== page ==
I am sure you have all read about the “terrible two’s” and shared a moment of frustration with another parent saying “toddlers?!” with a roll of the eyes.
It’s time for me to set the record straight. Toddlers are actually brilliant.
After having my own children 15 years ago, I decided to quit the corporate world to work with toddlers. I realized that I had enormous empathy for them and love to see the world through their eyes. I like to think of myself as an advocate for toddlers. Or at least their translator.
Let’s say you want to go to the park together. You decide to walk but you are going so s-l-o-w-l-y. Your toddler stops at every flower, they spot grass coming up through the concrete pathway, and you think you are going to go crazy by the time you reach the park. If you reach the park at all. Toddlers are actually brilliant. They live in the present moment without any effort at all – what every zen master works hard to master. They are not focused on getting to the park – they are focused on enjoying the journey. We can learn a lot from them. If we let go of the end objective when it is not important, we can enjoy the walk to the park as an end in itself. We can allow our child time to do the exploration of the world around him that he so needs. And we can come back to a place of peace. There is pain in the past and the future. But in the present there is no suffering.
Another thing I admire about toddlers is their amazing capability. Without a fully developed language, they are able to make themselves understood and able to read our body language. I was working with a young boy playing a language game. I’d hold up a giraffe and say, “Let’s find the picture of the giraffe.” He’d rush to pick it up and we would place the giraffe with its picture together on the mat. We repeated for all the animals in the basket. The next week his mother came to class and told me they had just received the results from some hearing tests – the boy had less than 10% hearing. I was blown away how the child had played with me the week before. He had picked almost everything up completely from my body language. (The boy went on to have a successful ear operation and his hearing is already much better.)
Toddlers and elephants have something in common. They both have amazing memories. I continue to be shocked when they know they are on their way to their grandparent’s place long before they are there, simply by recognizing familiar signs and streets on their route. They have a strong sense of order that means that if you always put their shoes by the front door and their bag on a hook, they love putting them here every time you get home. They may just need a friendly reminder, “Your bag and shoes go here” and tap the space by the door. Toddlers are nothing but brilliant.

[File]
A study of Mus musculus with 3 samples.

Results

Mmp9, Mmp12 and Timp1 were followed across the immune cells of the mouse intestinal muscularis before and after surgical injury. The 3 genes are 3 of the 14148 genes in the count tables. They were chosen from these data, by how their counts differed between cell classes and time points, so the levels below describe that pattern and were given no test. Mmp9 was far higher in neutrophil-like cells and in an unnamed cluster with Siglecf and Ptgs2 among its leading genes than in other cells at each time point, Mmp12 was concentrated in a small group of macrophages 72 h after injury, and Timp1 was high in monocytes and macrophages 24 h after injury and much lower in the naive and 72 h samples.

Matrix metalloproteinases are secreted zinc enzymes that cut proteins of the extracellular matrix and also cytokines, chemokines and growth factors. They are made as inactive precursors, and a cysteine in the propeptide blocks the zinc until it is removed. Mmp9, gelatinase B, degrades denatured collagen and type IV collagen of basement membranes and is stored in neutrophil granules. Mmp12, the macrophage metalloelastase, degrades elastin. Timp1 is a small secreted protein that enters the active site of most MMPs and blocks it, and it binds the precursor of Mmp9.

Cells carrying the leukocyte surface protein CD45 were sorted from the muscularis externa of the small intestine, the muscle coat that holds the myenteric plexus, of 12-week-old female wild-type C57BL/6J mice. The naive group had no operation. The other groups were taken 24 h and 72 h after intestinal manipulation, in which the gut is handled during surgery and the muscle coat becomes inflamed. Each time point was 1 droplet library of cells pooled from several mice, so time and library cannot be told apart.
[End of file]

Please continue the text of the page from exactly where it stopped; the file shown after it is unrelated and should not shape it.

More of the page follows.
Dr Montessori described children under 6 years old as having an absorbent mind and under 3 years everything they absorb is unconscious. They pick things up like a sponge just by absorbing them from their environment EFFORTLESSLY. I wish I had this talent and could pick up a new language just from sitting in a cafe or having a meal with my family. Start when they are babies and a toddler will start expressing themselves in these languages. Brilliant, no?
There is never another time in time in our lives when there is such rapid brain and physical development. By the age of 3 years, the size of a child’s brain will already be 80% of an adult’s brain and have more synapses than in an adult. These toddlers are learning so much and are becoming so capable. These years are also so important in laying their personality. But we need to give them time to explore, to move and to have conversation. Then there is limitless potential for these brilliant beings.
I know tantrums can be hard to deal with. But I just think of it as them wearing their heart on their sleeve. They are telling us very clearly that they are not happy with how things have just gone. They are going to kick and scream and lay on the ground to let us know. It starts often with anger and can go through the full gamut of emotions – fury, frustration, shame, and embarrassment. When we accept these big ugly feelings and offer a hug or just keep them safe and let them know we are here if they push us away, these feelings are able to be processed. And after it has finished be it 5 minutes or 45 minutes later, I love seeing them bounce off for their next adventure. They just don’t know how to stay in a bad mood all day or hold a grudge on you. I’ve never heard a toddler say, “Remember when you didn’t cook my favorite pasta. I’ve never forgiven you.” I love that they forgive and forget.
Which brings me to my last point. I love that toddlers are authentic human beings. They are not busy with what people might think of them, they do not need to hide behind any political correctness, and they say exactly what they mean. They might even be a little naive, believing that there is good in everyone. I cannot tell you how much it means if a child offers me a rock he found on his walk, or comes over to give me a hug at the end of class. I don’t think it would hurt for us to learn something from them. And even use them as an example of tolerance in our society. So don’t you agree it’s time to change the narrative? Join me and let everyone how brilliant our toddlers are.